TJ14.2 Early Operational Applications of Geostationary Lightning Mapper Data for National Weather Service Operations

Tuesday, 8 January 2019: 3:15 PM
North 231AB (Phoenix Convention Center - West and North Buildings)
Christopher J. Stumpf, NOAA/NWSFO, Huntsville, AL; and K. D. White, C. M. Gravelle, and G. T. Stano

In June 2018, twenty-one National Weather Service forecast offices began evaluating products from the GOES-16 Geostationary Lightning Mapper (GLM). These offices received pre-operational 1-minute and 5-minute summations of Flash Extent Density, Average Flash Area, and Total Optical Energy products that update every minute. While the goal of the evaluation was to provide feedback on the operational usability of these initial GLM products, this was also the first opportunity for many forecasters to get a glimpse of the unique opportunities and challenges that GLM presents.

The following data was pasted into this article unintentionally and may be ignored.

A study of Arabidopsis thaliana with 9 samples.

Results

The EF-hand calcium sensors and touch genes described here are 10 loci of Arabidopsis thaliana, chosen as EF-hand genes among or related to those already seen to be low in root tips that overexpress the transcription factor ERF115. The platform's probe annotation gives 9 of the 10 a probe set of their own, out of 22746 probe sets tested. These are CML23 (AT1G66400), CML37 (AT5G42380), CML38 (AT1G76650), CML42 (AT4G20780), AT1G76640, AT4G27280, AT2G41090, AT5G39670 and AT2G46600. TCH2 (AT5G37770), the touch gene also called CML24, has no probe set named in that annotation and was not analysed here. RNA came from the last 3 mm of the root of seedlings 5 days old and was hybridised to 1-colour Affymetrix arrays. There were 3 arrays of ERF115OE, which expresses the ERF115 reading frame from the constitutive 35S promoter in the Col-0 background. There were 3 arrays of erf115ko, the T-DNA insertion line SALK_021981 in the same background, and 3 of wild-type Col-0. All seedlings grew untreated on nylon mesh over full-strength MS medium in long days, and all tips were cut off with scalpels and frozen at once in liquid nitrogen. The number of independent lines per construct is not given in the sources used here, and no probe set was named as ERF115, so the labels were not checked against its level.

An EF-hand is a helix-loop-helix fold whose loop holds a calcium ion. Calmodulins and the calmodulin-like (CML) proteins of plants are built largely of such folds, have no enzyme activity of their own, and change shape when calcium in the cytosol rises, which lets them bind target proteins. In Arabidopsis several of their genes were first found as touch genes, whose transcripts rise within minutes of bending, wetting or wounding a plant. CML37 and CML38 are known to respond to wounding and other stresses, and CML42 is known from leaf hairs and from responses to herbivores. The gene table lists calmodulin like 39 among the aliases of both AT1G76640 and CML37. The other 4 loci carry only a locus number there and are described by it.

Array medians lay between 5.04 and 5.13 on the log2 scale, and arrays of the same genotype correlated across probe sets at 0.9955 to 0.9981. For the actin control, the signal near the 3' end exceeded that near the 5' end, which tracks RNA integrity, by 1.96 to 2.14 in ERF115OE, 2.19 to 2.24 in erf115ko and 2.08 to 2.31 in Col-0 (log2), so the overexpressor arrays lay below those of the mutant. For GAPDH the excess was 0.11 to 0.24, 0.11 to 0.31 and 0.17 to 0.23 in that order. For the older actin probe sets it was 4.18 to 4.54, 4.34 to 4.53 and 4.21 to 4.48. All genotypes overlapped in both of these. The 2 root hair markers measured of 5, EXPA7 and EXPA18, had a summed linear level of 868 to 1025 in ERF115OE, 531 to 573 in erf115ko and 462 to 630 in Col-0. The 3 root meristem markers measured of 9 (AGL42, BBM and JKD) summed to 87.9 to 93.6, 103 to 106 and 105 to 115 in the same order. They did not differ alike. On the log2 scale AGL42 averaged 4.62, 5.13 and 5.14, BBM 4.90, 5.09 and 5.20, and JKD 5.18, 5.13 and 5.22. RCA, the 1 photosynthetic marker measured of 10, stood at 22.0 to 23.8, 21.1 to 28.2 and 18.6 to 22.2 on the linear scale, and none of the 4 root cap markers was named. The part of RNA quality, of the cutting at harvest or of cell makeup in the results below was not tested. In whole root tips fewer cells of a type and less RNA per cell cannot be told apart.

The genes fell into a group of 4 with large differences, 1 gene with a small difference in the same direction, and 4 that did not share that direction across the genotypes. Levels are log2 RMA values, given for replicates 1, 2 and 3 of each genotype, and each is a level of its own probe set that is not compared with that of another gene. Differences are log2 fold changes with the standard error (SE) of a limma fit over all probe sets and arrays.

The most significant challenge is that the GLM is an optical sensor that observes the radiant energy and spatial extent of lightning, as opposed to the point data from most ground-based lightning detection networks. This paradigm shift from point data to complete spatial data marks a change that may take time for forecasters to fully absorb and apply effectively. Furthermore, it is still early in the operational implementation of the GLM, so there have been limited opportunities to develop a library of real-time applications. This presentation will include a variety of operational examples of how GLM data can be used in conjunction with ground-based networks. These use cases will provide the foundation for using lightning observations for convective assessment and impact-based decision support services.